Attackers work together, so victims should too
Modern cybersecurity is about responding rapidly, isolating attacks and sharing information. Innovative technologies such as cloud-based solutions and big data analytics are helping.
“One big trend which is helping on this front is the rise of ISAOs [information sharing and analysis organisations] which enable the sharing of information about cyberattacks ” says Karl McDermott, head of connected solutions at Three.
An Obama White House initiative, “the concept behind ISAOs is that the hackers are working together, so the potential victims should be too”.
It marks a major shift for organisations that, until recently, would have found the idea of admitting an attack, let alone sharing information with competitors about what was lost and how, anathema. “With ISAOs, if a threat is found, that information is shared, as a way of mitigating it,” he says.
Banks are also establishing cyber defence alliances.
The European Union recently approved a Network and Information Security Directive with similar objectives. The directive requires that member states form a Computer Security Incident Response Team, and that businesses in critical infrastructures notify national authorities when cybersecurity incidents occur. It also mandates that businesses set up a co-operation group to facilitate sharing of information about risks.
Accountancy and professional services firm PWC identifies this trend in Toward New Possibilities in Threat Management, essentially key findings from its Global State of Information Security 2017.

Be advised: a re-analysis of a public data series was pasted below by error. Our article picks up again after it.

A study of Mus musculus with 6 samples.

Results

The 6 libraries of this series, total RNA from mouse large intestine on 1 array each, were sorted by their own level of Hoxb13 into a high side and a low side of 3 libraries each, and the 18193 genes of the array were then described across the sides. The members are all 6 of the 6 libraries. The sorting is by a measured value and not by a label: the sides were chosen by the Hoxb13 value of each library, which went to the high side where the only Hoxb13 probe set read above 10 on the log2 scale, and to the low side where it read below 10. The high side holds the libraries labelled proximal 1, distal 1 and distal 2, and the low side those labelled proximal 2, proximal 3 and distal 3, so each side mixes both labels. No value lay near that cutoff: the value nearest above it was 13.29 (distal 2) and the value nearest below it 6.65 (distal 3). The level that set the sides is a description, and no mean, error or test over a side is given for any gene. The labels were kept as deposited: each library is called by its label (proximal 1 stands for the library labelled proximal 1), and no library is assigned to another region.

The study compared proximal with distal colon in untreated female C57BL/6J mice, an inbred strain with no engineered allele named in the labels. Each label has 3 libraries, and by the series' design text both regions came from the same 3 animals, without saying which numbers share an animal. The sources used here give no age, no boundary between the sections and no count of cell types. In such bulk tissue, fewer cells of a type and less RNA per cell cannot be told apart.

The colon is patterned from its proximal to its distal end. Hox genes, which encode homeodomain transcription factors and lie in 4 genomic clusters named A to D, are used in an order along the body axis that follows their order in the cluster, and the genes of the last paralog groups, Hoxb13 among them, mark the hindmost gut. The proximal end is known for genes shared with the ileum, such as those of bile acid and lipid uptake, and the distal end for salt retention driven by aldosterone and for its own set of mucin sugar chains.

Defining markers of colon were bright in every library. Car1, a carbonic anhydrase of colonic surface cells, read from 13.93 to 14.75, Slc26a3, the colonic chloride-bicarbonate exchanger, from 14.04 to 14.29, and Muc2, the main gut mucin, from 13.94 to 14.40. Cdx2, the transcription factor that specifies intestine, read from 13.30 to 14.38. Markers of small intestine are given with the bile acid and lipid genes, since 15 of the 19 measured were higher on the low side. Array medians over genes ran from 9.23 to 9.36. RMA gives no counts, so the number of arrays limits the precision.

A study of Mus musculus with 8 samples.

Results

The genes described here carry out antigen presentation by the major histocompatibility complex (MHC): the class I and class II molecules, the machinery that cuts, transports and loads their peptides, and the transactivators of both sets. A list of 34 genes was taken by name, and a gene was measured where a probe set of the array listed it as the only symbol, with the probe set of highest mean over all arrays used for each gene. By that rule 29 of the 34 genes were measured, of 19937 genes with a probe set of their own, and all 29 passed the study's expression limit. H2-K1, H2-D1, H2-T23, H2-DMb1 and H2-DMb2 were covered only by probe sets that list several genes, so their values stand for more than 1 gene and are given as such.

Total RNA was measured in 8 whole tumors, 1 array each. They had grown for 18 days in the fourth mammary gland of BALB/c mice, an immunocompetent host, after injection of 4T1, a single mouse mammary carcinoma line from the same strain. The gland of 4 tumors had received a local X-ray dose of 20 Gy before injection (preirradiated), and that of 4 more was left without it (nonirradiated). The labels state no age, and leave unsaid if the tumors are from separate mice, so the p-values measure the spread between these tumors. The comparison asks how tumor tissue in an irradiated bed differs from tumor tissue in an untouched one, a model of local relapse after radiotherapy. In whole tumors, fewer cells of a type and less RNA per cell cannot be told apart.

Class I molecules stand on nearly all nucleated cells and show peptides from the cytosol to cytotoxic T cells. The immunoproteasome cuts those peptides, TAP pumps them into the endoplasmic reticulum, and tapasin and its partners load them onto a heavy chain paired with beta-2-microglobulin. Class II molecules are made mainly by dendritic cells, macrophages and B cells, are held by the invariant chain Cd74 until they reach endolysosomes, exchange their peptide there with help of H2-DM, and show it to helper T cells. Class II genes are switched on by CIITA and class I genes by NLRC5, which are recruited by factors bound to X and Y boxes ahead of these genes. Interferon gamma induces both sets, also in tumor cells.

It looks at pioneering work by the US state of Virginia, which announced a state-level ISAO two years ago. Virginia was also the earliest state to implement the US’s NIST Cyber security Framework, which encourages the sharing of cyberthreat information.
It paved a path that organisations in this part of the world are likely to follow. And it is still leading the way. Virginia recently established a public-private working group with Virginia State Police to address the potential for cyberattacks on connected automobiles.
Detect and prevent
The working group comprises stakeholders from federal and state government agencies, academia and private sector cybersecurity companies. It aims to help officials understand how to detect and prevent cybersecurity attacks on vehicles and on other consumer devices. The rise of the so called Internet of Things – smart, connected, digital devices – makes this a pressing issue .
Virginia leads the way in implementing a threat-intelligence solution from a cybersecurity solutions provider. Like public organisations the world over, the US state is a repository of personally identifiable information about its residents, from births and deaths to tax returns and health information.
In 2016 the state’s officials noted an increase in phishing attacks. It implemented a solution that enables it to monitor inbound and outbound traffic. The solution also helps security analysts execute and inspect advanced malware, ransomware and advanced persistent threat attacks, known as APTs.
The PWC report says this united front “makes the commonwealth’s motto Sic Semper Tyrannis – Thus Always to Tyrants – more fitting than ever.”